Saturday, May 23, 2015

a small step towards fixing the economy

hello there

one of those weirdly common sense, mostly genuine and a little bit practical posts for you, look you see. yeah, i know, it's most peculiar - and a little scary - when i write something actual and proper on my own time, but every now and then it doesn't hurt, i suppose.

i have, on a couple of occasions, encountered a machine that is simply awesome. it is a simple and yet brilliant thing that is rather practical, and if deployed on a wider basis than it currently enjoys it would create a minor ripple of good in fixing the pond of any economy you care to name.

what is it? it's a machine that you throw coins into, right, and then it allows you either to donate those coins to a charity or, if you prefer, for a minor administrative fee, issues you with a voucher to be used in the store where the machine is located.

genius, really. especially if, like me, you tend to just build up piles of low face value coins of money for no apparent reason other than you can't be bothered to carry them all around.

going to a shop with a whole load of coins, throwing them into a machine and then getting a voucher to use at the till is somewhat preferable to taking those same coins to the till and having them all counted out to pay for assorted goods and services. the time it saves, and the awkwardness of having it all counted by a teller, is, to me, worth the 9% charge in place for doing this. especially since, in my case, if it were not for this machine, the coins would not get used at all.

what's that, you ask? no mention on this blog of Boro heading off to Wembley? well, everyone else seems to have said it better than me, but it was a nice touch to see this on my travels today.

you cannot, i appreciate, make that out too good. it is a sign, presumably from some sort of highway or transport authority, hoping that all driving down to Wembley have a safe journey, and wishing Boro well in the match; doing so by that whole Twerker thing of #believe and #utb. luck? no, we just need to play as well as we can and our fortune shall take care of itself, thank you.

but back to coins, and my odd notion that these coin machines could in some way help out any economy that you care to name. which, actually, they really can.

low denomination coins are a fact of life. there is a legal obligation, in the way that money works around the world, to produce them and have them available. in the majority of cases, however, they are issued as part of change for purchases, with the recipient not normally prone to use them. there are all sorts of stats and facts out there about this. bear it in mind as you bear with me.

that these low value coins are a fact of life means they have to be produced. and production of them is an exercise which costs the treasuries and mints of governments. the lowest two face value coins anywhere in the world - here in England that would be the 1p coin and the 2p coin - cost more to make than the coin is worth.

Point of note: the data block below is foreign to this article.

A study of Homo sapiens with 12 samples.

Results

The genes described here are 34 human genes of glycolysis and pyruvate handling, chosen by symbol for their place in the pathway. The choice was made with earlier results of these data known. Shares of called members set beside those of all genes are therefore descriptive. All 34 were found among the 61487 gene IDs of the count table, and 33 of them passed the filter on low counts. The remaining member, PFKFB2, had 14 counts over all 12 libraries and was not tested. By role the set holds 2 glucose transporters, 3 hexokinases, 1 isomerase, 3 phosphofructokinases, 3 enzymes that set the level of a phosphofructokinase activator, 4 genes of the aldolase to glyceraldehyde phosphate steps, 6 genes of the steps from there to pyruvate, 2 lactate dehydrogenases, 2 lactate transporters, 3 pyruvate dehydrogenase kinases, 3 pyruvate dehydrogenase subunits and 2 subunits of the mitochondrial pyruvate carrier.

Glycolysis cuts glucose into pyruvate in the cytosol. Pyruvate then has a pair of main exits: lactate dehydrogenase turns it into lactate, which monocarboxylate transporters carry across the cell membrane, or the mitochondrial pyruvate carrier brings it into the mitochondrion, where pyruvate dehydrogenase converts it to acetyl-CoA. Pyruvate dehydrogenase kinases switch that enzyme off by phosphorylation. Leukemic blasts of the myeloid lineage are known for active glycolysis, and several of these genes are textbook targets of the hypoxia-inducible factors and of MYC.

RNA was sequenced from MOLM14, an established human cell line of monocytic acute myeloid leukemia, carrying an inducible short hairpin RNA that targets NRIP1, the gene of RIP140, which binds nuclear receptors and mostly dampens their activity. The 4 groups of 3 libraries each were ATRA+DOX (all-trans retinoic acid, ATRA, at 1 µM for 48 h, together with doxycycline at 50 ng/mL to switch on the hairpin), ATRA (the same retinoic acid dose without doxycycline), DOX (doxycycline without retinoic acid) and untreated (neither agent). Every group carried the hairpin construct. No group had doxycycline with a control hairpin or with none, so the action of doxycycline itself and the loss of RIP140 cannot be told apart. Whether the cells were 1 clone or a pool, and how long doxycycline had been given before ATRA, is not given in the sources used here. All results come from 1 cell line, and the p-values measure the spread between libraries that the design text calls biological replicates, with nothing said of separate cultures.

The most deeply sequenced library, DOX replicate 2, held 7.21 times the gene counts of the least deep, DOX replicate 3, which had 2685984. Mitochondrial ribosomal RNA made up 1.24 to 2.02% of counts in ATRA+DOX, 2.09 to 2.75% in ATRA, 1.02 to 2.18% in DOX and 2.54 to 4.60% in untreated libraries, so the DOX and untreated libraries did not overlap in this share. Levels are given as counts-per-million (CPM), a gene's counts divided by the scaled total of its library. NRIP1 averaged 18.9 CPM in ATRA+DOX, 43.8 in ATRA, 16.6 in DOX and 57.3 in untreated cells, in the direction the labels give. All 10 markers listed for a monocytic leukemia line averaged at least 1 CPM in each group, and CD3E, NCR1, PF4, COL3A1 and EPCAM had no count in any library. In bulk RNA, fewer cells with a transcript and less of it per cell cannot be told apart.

and make them they do, dear reader. they are, as mentioned above, required to exist, but the coins seldom end up in as wide circulation as higher value coins. yes, i appreciate at penny arcades they are used, but the whole country is not a seaside place where such machines exist. with people not using the coins on a regular basis, increased demand comes along from stores and shops and places pressure on the mint to manufacture more of these coins. a bit of a vicious loop, really. unless people could be encouraged to use the coins presently minted more than they do now and thus reduce the need to create so many every year.

how much money could be saved by an economy? it is difficult to say. someone did ask Her Majesty's Treasury just how much it costs to make a 1p coin, but as you might expect, they saw it as really rather appropriate to answer with bullsh!t and hide behind secrecy. but let's work with the info we have from that link right there.

if a Canadian penny costs 1.5p to make, and a US 1c coin costs 2.4c to make, let's pretend that for some reason we believe the UK Royal Mint to be more efficient - no, stop laughing, i did say pretend - and that 1p costs, say, 1.25p to make. so 100 1p coins, with a face value of £1, cost £125 to make. £10 worth of 1p coins costs, then, £1250 to make. multiply away, it gets scary. and that's with me being very kind indeed to the UK Royal Mint and their deft skills with budgeting and getting cost efficiencies in place.

i appreciate that all of the coins put in this machine ultimately end up at the Royal Mint anyway, unless Coin Star have some absolutely massive jars to store them in or melt the coins down for the metal (which i suspect is illegal), but why the hell do they not encourage with incentives more of these machines to be in place?

well, just a thought, i suppose. i did say it would only be a little fix, but little fixes tend to help resolve bigger problems. i am sure the reason for these machines - or competitors - not being more widespread is all tied up in licencing deals, exclusive distributions and things like that. in the big grown up world of corporates and governments, efficiency and getting value for money is pretty much insignificant compared to the lure of hastily singing preferred supplier deals. trust me on this.

back to nonsense with the next post, i would think.

be excellent to each other!!!!!!!!!!!!!!!!!!!!!!!!!!!!!